Protests Target Musharraf's Plan to Remake Court
ROBERT SIEGEL, host:
There have been more demonstrations in Pakistan today over General Pervez Musharraf's attempts to fire the country's chief justice of the Supreme Court. The protests are led by Pakistan's lawyers, although opposition political parties are increasingly taking part. The lawyers say their actions are about a fundamental principle of governance, and that they're standing up for the independence of Pakistan's judiciary.
As NPR's Philip Reeves reports, the lawyers believe there are other crucial issues at stake as well.
PHILIP REEVES: Kanti Anwar(ph) is 66 years old, but he looks older. When he tells his story, you'll understand why. He says, over the years, he's fought one battle over democratic rights after another with Pakistani military leaders. As a result, he's been jailed three times. Yet now he's involved in another scrap, a campaign to bring an end to compromise and corruption in Pakistan's legal system and establish a truly independent judiciary.
Mr. KANTI ANWAR (Pakistani Lawyer): That is what we are now struggling for. Let's revive the institution of judiciary. We don't have (unintelligible). It's a shocking shame for us. For everyone, let's aid a new chapter.
REEVES: Anwar is one of the lawyers defending Pakistan's Chief Justice Iftikhar Chaudhry. Chaudhry was suspended last month pending the outcome of the judicial hearing into allegations of improper conduct including nepotism. Many Pakistanis see the judge's suspension as a clumsy attempt by Musharraf to get rid of a judge with a reputation for being independently minded. They think Musharraf's advisers were worried the judge might support legal moves to challenge Musharraf's plans to get reelected as president later this year without giving up his other job as army chief of staff.
Chaudhry supported Musharraf in the past, but that friendship ended when a judge refused the general's request for him to step down. Since then, a broad range of Musharraf's opponents have rallied around him. When the judge visited the provincial city of Saka the other day, he was greeted like a hero. Anwar Kanti(ph) was there.
Mr. ANWAR: Now the high court building from the airport is only at 10 kilometers. It took us three and a half hours. Thousands of people are (unintelligible). They just wanted to have a glimpse of the chief of justice. The man were there say no.
(Soundbite of crowd noise)
REEVES: It's mid-morning at the high court of Peshawar, Pakistan's wild west frontier city and the gateway to the Khyber Pass. Dozens of lawyers are sitting around drinking tea and gossiping. They're on strike so the courts are closed, just as they have been much of the time since the chief justice was suspended last month.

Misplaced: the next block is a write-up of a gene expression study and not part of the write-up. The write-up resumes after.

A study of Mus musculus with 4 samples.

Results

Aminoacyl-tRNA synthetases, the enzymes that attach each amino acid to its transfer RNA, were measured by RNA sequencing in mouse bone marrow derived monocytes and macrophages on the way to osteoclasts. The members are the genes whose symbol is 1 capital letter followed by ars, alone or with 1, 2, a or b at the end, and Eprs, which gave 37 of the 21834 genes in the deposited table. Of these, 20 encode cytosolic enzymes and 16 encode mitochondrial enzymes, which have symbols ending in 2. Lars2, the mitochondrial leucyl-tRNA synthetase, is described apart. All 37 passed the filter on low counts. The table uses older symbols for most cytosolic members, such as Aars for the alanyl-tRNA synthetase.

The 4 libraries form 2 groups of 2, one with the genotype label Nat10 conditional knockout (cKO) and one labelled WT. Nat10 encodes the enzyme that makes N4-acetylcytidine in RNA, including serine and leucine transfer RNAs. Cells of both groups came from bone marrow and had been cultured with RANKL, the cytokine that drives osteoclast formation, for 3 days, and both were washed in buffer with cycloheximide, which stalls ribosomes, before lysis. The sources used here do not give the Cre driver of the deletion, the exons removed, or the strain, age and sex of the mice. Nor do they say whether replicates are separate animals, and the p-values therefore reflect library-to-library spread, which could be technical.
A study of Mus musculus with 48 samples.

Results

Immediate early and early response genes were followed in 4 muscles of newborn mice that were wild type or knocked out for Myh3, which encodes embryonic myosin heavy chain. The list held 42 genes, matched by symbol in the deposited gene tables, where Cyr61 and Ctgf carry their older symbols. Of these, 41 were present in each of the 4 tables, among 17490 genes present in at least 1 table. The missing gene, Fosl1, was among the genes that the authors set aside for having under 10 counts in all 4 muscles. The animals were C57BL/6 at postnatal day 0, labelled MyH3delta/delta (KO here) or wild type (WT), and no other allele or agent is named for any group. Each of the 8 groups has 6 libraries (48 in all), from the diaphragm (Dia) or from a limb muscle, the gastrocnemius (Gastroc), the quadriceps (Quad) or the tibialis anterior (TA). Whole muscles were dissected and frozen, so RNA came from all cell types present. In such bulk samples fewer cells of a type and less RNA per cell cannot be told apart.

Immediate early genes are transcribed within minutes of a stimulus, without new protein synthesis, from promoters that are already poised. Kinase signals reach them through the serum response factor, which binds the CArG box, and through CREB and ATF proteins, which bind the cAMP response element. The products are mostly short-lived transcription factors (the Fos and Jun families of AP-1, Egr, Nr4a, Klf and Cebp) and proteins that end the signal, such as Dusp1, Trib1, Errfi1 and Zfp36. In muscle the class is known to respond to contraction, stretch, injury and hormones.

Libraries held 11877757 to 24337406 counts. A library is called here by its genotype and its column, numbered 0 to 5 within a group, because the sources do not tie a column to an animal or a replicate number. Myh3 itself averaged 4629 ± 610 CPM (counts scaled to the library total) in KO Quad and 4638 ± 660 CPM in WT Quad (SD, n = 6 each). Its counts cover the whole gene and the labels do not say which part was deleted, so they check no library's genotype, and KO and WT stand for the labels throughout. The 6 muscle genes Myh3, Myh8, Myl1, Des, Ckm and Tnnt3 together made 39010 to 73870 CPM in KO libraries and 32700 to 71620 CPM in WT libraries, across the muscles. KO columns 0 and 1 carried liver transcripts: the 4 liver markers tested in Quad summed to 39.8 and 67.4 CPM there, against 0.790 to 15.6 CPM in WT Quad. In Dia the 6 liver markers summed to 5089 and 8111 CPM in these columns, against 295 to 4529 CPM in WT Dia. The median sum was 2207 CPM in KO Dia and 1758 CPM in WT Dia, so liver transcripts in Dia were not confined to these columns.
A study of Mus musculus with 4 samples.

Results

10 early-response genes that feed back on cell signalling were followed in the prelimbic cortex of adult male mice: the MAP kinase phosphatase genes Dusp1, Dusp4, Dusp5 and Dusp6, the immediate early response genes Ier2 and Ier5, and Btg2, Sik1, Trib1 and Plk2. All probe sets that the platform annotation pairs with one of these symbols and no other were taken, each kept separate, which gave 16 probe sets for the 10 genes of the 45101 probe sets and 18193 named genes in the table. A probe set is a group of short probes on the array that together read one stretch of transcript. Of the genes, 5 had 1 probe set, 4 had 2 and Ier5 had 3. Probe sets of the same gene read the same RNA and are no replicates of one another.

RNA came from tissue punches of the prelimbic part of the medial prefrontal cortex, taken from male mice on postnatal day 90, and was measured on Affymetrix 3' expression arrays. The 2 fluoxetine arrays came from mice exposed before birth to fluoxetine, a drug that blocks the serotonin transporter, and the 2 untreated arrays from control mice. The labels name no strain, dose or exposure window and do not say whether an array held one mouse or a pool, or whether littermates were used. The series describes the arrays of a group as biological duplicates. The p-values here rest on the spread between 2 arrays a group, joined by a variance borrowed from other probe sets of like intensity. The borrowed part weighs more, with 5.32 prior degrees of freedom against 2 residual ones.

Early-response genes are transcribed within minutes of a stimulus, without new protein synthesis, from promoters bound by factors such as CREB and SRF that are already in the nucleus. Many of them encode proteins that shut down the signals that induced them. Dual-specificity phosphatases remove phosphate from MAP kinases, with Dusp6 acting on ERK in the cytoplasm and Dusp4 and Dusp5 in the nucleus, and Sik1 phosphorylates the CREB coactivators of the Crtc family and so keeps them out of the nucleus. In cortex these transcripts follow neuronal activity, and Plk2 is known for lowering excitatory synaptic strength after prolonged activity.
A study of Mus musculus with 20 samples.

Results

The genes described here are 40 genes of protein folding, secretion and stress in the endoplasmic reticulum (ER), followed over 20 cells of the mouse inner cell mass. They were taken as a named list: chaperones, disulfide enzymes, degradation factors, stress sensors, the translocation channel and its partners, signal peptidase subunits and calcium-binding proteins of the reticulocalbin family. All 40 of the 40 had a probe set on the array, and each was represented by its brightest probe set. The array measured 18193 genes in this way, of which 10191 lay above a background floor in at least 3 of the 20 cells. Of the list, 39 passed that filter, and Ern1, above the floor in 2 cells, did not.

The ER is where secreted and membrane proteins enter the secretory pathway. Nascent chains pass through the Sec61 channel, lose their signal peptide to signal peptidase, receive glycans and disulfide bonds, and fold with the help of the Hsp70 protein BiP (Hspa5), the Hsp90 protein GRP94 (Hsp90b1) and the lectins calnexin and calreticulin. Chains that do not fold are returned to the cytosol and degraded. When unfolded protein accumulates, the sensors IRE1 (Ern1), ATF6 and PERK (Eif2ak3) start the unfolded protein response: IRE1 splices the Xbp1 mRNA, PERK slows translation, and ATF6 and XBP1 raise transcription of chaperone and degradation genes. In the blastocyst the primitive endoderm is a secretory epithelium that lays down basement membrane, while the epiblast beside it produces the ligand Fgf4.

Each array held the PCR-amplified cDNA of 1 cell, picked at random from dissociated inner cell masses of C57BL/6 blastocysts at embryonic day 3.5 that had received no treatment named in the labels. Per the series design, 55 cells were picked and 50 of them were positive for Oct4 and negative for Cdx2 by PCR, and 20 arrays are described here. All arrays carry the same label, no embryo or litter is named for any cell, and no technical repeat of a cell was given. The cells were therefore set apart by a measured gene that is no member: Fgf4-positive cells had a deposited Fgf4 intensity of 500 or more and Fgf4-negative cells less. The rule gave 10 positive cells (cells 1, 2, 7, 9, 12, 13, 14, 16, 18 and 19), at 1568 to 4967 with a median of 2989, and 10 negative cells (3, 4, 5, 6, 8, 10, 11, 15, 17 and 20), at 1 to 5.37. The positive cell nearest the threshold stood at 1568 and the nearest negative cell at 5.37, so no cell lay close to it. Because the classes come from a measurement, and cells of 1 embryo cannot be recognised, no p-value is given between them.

Sitting in a circle under an awning outside door there's a group of lawyers wearing garlands of flowers given to them by supporters. Above their heads flutters a banner declaring their on hunger strike, though they admit this is a token gesture. Pretty soon they're cracking open packs of apple juice and running through their protest slogans.
Unidentified Group: Go Musharraf, go. Go Musharraf, go.
REEVES: Among them is Abdul Latif Afridi(ph), president of the Peshawar Bar Association. Afridi believes that chief justice dispute has wide implications from Pakistan.
Mr. ABDUL LATIF AFRIDI (President, Peshawar Bar Association): Unless we protect the judiciary, the judiciary would be exposed to so many dangers, including the dangers from the fundamentalists and extremists.
REEVES: Afridi is among many Pakistanis alarmed by the rise of religious fundamentalism, and by efforts by hard-line Islamists to impose their own laws. He argues that to counter this, Pakistan needs a robust and an independent judiciary. He says the extremists have been taking over surrounding districts and are trying to enforce their rules inside Peshawar itself.
Mr. AFRIDI: They have blasted some shops within Peshawar. This Talibanization in this fashion, we have the problem in every district.
Ms. MUSHARA HILALIM(ph) (Lawyer, Peshawar High Court): It is very, very difficult to be a lawyer, number one. A female lawyer, number two. And I had a very tough time.
REEVES: Mushara Hilalim is one of only three women lawyers at Peshawar's high court. She has first-hand experience of the extremists.
Ms. HILALIM: In the beginning, I was threatened so many times.
REEVES: Threatened with what?
Ms. HILALIM: I was once threatened that we will kidnap you.
REEVES: Hilalim believes if Pakistan's lawyers failed in that campaign to get the chief justice reinstated, the judiciary will be weakened. Not everyone thinks that way, though. There are those who argue that no matter what the outcome, Pakistan's protesting lawyers are striking a blow for justice, among them, Abdul Latif Afridi.
Mr. AFRIDI: That judiciary will not be dealt with in this manner again. So even if this round of struggle we don't succeed, the consequences will not be negative.
REEVES: Philip Reeves, NPR News, Peshawar.